AUBURN — A measure to improve legislators’ pensions erupted into loud debate, questions about legislators’ employment status and a last minute proposal that all legislators give up their health and retirement benefits at Tuesday’s full meeting of the county Legislature.
The board ultimately tabled the resolution to shorten their work week, which would have allowed them to collect a greater annual pension credit. Legislators said they needed more time to review two new proposals – one that would tailor work weeks to each Legislator and another that would eliminate pension and health care for board members – before deciding how to move forward with what has become a topic of heated public debate.
The original proposal would have shortened legislators’ work week from 35 hours to 30 hours. Through a formula the state uses to determine pension pay out, a shorter work week would allow many legislators to collect a full year credit. Most currently earn credit for two-thirds of a year.
Proponents say the measure is necessary to compensate for the low salaries legislators earn and the increasing minimum wage rate, which is also factored into state pension pay out. The measure is a less costly alternative to getting their pensions on par with a year’s-worth of work – salary increases. The county will contribute the same amount to legislators’ pension, regardless of the credit they earn each year.
A move in the opposite direction, Legislator Christopher Palermo proposed cutting legislators’ work week to three hours, which would make them part-time employees and ineligible for pension and the healthcare benefits they receive.
“What I want is for us to decide is whether we’re full time or part time,” Palermo said. It is “completely ludicrous,” Palermo said, for legislators to be considered full-time employees and for the county to pay into pension for them if they are not permitted to collect a full year credit.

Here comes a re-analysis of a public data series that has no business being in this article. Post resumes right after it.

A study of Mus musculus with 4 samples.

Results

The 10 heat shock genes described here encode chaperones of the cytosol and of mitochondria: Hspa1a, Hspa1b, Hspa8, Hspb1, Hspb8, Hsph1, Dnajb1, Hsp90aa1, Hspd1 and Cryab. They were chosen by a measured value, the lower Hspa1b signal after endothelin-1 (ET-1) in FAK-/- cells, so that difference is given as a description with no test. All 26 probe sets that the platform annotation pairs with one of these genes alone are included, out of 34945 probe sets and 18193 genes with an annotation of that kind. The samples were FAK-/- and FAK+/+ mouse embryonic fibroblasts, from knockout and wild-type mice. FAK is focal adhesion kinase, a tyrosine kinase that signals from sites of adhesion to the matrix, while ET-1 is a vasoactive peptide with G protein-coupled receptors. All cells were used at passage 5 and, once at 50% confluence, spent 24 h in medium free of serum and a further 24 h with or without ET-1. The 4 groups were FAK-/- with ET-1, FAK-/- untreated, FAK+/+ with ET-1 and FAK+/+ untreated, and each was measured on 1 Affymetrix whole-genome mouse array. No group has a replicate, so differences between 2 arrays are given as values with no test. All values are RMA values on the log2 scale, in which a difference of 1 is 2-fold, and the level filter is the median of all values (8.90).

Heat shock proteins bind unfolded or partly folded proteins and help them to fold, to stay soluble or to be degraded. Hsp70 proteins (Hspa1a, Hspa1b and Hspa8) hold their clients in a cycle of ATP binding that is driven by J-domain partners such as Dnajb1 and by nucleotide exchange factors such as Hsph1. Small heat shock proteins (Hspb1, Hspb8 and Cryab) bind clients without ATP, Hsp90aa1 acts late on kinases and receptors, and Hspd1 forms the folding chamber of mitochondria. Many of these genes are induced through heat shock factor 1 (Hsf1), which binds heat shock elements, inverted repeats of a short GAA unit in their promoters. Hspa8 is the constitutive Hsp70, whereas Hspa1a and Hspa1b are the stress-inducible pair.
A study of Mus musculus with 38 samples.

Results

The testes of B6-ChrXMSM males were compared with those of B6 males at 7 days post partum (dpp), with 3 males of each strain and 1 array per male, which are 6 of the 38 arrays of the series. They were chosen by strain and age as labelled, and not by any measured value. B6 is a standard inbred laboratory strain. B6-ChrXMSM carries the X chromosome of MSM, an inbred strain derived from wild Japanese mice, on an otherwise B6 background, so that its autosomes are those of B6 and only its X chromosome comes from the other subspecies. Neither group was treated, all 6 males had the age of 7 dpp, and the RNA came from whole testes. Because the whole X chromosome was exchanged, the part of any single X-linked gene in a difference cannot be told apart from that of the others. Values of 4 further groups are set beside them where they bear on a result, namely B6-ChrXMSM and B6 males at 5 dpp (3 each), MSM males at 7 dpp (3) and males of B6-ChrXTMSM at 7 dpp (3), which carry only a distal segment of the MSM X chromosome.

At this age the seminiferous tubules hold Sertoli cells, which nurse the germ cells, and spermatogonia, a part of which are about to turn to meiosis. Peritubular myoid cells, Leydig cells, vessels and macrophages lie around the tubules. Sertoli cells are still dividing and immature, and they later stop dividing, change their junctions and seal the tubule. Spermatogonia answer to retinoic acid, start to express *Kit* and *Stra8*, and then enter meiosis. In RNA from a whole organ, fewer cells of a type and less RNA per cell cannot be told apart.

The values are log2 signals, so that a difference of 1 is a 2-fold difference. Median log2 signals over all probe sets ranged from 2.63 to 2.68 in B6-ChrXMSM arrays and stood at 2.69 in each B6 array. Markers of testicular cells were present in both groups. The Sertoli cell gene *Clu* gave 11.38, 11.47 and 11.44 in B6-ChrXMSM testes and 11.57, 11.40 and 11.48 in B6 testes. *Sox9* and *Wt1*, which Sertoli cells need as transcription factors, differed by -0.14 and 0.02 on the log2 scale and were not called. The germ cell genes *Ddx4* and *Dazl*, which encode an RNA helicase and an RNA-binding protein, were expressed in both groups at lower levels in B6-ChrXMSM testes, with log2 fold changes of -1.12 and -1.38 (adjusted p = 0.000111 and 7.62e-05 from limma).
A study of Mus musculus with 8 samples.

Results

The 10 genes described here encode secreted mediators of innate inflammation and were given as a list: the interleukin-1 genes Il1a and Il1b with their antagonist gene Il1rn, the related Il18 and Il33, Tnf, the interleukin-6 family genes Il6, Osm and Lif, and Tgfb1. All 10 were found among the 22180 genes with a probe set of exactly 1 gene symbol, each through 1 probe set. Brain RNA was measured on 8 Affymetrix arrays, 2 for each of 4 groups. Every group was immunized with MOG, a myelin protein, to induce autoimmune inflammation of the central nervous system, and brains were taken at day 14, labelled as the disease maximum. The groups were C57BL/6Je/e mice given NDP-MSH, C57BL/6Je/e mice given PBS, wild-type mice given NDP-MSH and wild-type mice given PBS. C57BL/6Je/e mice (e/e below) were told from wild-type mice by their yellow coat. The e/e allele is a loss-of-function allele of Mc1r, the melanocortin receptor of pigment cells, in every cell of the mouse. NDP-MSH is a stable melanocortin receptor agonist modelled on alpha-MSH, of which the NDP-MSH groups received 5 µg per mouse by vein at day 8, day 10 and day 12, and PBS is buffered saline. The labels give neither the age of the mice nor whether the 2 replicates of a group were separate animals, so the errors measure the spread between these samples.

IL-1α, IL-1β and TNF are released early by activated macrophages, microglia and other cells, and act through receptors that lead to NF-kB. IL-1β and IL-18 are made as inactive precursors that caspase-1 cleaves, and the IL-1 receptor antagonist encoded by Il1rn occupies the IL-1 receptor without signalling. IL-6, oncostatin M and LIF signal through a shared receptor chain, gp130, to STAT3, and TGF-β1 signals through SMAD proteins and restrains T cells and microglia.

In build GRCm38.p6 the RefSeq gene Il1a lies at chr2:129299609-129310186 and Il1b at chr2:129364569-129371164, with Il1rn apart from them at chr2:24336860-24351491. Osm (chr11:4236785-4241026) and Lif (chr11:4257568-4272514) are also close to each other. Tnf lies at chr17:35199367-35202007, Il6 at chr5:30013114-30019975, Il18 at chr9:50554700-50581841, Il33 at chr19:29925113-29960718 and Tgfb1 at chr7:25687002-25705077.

Palermo withdrew his proposal when the measure was tabled. He declined to say after Tuesday’s meeting whether he would reintroduce his proposal in committee.
The resolution to shorten the work week was first introduced by Legislator George Fearon in the Government Operations Committee, which he chairs, and approved by the Ways and Means Committee last Monday. Since then, it has been met with resistance from some community members, who question whether legislators put in as many hours as they say and who think their current compensation is adequate.
Fearon said benefits, such as the pension plan, are necessary to ensure quality candidates continue to run for office. He pointed out that in an increasing number of district races, candidates run unopposed.
“We don’t have people waiting in line for these spots,” he said. Fearon introduced Tuesday a plan that would set a 30-hour work week for only some legislators; the measure was tabled.
But other legislators, among them Patrick Mahunik, disagree with the idea of using benefits as a lure to the job. Improving benefits for legislators while working to downsize government sends the wrong message, he said.
“I think this is a time for us to lead by example,” Mahunik said.
Regardless of the message conveyed by shortening their work week, the board appears to be acting within the guidelines set by the state comptroller’s office, said Mark Johnson, a representative for the office.
Legislators do not need to keep a regular work week for pay, only for pension. The state requires elected officials to submit a three-month calendar of their average work load; this average is used to help determine their pension.
The decision of whether it is the right thing to do, Johnson said, is “up to the municipality to make.”
Staff writer Sarah Gantz can be reached at 282-2237 or firstname.lastname@example.org. Follow her on Twitter at CitizenGantz.